Jan Brecht, Chief Information Officer of Daimler and Mercedes-Benz, wants to make the digital transformation sustainable. The core element of this is the continuous reduction of CO₂. A conversation about green IT, the digital workplace and the power of password appeals.
Mr. Brecht, today - the day of this interview and every year on the first Thursday in May - is World Password Day: How many different passwords does the IT boss have?
(Laughs.) Too many. I can tell you that. But not at Daimler. In fact, we now have single sign-on for almost all applications, so that I can use everything after logging on once. But in the family and privately, quite a lot comes together.
The sequence of numbers from one to six is still one of the most commonly used passwords in Germany. The appeals of cybersecurity specialists don't seem to be getting through. How do you perceive security awareness among Daimler employees?
It is improving. We've done a lot in terms of education and training, and we've also communicated a lot to make people aware of how important secure passwords are. People have internalized that. There is also a lot of technical support now. For technical reasons alone, we can't use passwords with a sequence of numbers.
In addition to responsibility for data, there is also a growing need to make the use of IT environmentally friendly and resource-friendly. You want to green IT. What's that all about?
In a large corporation like Daimler, IT has significant energy consumption. In our case, that's over 100 gigawatt hours per year. That's roughly equivalent to the electricity consumption of a city with 30,000 inhabitants. Our declared goal is to significantly reduce this energy consumption and, above all, the associated CO₂ emissions.
You want to make IT CO₂-neutral by 2025. How is that to be achieved?
The lion's share of energy consumption comes from our data centers. They need energy for computing power. But we need much more energy to cool the computers. That's why we're transforming our data centers. On the one hand, this means that we are merging data centers, because large, modern data centers have significantly better energy efficiency than small ones that are spread all over the place. We are doing this together with our partner Infosys. We are also relocating our high-performance computing cluster to the far north of Europe. For one thing, it's cold there, which means we don't have to cool as much. For another, the energy we need there is really green, whether from wind or water power. In four years, we want to be climate-neutral.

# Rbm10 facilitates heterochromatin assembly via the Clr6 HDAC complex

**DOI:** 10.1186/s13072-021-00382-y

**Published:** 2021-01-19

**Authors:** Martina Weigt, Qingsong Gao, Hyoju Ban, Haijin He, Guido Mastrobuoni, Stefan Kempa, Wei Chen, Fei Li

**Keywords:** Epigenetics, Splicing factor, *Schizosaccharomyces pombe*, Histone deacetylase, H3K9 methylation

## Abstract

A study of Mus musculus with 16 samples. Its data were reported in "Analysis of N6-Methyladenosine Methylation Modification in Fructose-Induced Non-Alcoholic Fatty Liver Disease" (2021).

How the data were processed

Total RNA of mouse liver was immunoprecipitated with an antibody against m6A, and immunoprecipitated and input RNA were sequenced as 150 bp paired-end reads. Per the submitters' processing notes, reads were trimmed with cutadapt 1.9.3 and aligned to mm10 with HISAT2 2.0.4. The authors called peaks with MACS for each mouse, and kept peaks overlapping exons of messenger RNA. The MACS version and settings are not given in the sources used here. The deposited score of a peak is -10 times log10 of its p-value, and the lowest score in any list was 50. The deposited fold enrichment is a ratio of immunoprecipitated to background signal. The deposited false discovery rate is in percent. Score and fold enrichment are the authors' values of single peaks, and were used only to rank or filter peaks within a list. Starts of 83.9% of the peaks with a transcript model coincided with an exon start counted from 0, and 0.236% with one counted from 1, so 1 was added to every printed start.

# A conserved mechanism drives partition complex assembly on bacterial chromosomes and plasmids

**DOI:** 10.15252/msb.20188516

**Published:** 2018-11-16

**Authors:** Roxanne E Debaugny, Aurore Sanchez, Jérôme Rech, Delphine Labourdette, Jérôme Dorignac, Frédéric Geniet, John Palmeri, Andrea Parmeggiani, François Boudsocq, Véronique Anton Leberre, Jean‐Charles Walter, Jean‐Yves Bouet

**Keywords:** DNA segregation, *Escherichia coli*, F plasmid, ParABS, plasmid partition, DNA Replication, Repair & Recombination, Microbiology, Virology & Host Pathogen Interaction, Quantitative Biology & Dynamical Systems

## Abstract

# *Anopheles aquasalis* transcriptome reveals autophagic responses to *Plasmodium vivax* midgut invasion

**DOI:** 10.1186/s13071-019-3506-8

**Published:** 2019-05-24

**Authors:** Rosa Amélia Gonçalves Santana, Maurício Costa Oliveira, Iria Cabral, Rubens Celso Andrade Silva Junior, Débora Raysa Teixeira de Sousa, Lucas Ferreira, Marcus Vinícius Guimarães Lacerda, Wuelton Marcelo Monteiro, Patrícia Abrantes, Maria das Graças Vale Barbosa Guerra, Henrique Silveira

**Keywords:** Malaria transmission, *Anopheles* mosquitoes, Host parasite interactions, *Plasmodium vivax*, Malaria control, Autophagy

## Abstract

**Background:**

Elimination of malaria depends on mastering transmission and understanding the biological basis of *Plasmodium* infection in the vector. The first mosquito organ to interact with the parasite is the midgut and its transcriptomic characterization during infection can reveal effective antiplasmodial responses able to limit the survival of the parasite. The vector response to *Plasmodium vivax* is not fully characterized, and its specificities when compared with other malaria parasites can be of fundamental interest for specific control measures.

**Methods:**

So there really won't be any CO₂ left then?
We are massively reducing our energy consumption through the consolidation and relocation measures I mentioned; we are assuming up to 60%. The energy we will then still need will be provided by green electricity. We assume that with these two measures we will achieve more than 80 percent, probably even more than 85 percent of the reduction. We will then offset the unavoidable remainder with high-quality CO₂ reduction certificates.
The digital workplace can also contribute to greater sustainability. For employees in the administrative areas, the pandemic has made it more commonplace than they had expected. Has this exceptional situation given us a boost?
Absolutely. There are several facets to it. On the one hand, it gave us a technical boost. But it happened very quickly. Within three days, we had connected 120,000 employees technically. What took much longer was the adjustment to digital working. It took more time for people to get used to it. But we can see that productivity and decision-making speed have increased. Not having to travel to work has also done its bit - not least in terms of carbon footprint.
And the home office has also given new impetus to the idea of the paperless office?
Yes, it has! For years, there have been efforts to reduce paper consumption in printing. The home office has helped, because people tend to print much less at home and realize that you can actually get by with much fewer printouts. But small things like actually turning off the computer in the evening also help, of course. Not necessarily significantly with the individual computer, but we have about 230,000 PCs in this company. If you extrapolate the energy consumption here, it does make a difference.
So in that respect, it's a win-win situation for us?
Yes and no. A company also has a social function. And I'm very much looking forward to meeting more colleagues again.
We have set out to become a tech company. What impact will increasing digitization have on our carbon footprint as a company?
Overall, it will reduce the carbon footprint, although there are of course countervailing effects. I have already mentioned the increased energy consumption in data centers. So, on the one hand, energy consumption will rise as a result of increasing digitization. On the other hand, however, it is also being dramatically reduced because resources are being conserved. This can be achieved by no longer flying around the globe, but instead sitting down in a video conference. Or, for example, by no longer having to build prototypes for simulations in development - which require a lot of resources - but by being able to simulate the whole thing digitally. So there are both effects: Reduction, but also, in the opposite direction, higher power consumption. However, the reduction in the carbon footprint far outweighs this.
I use paper...
"…to sketch on it in pencil, that still feels good.."
The IT of the future will...
"...contribute significantly to conserving resources."
Most recently, I took an intensive approach to sustainability when...
"…I built a fine dust sensor with my sons."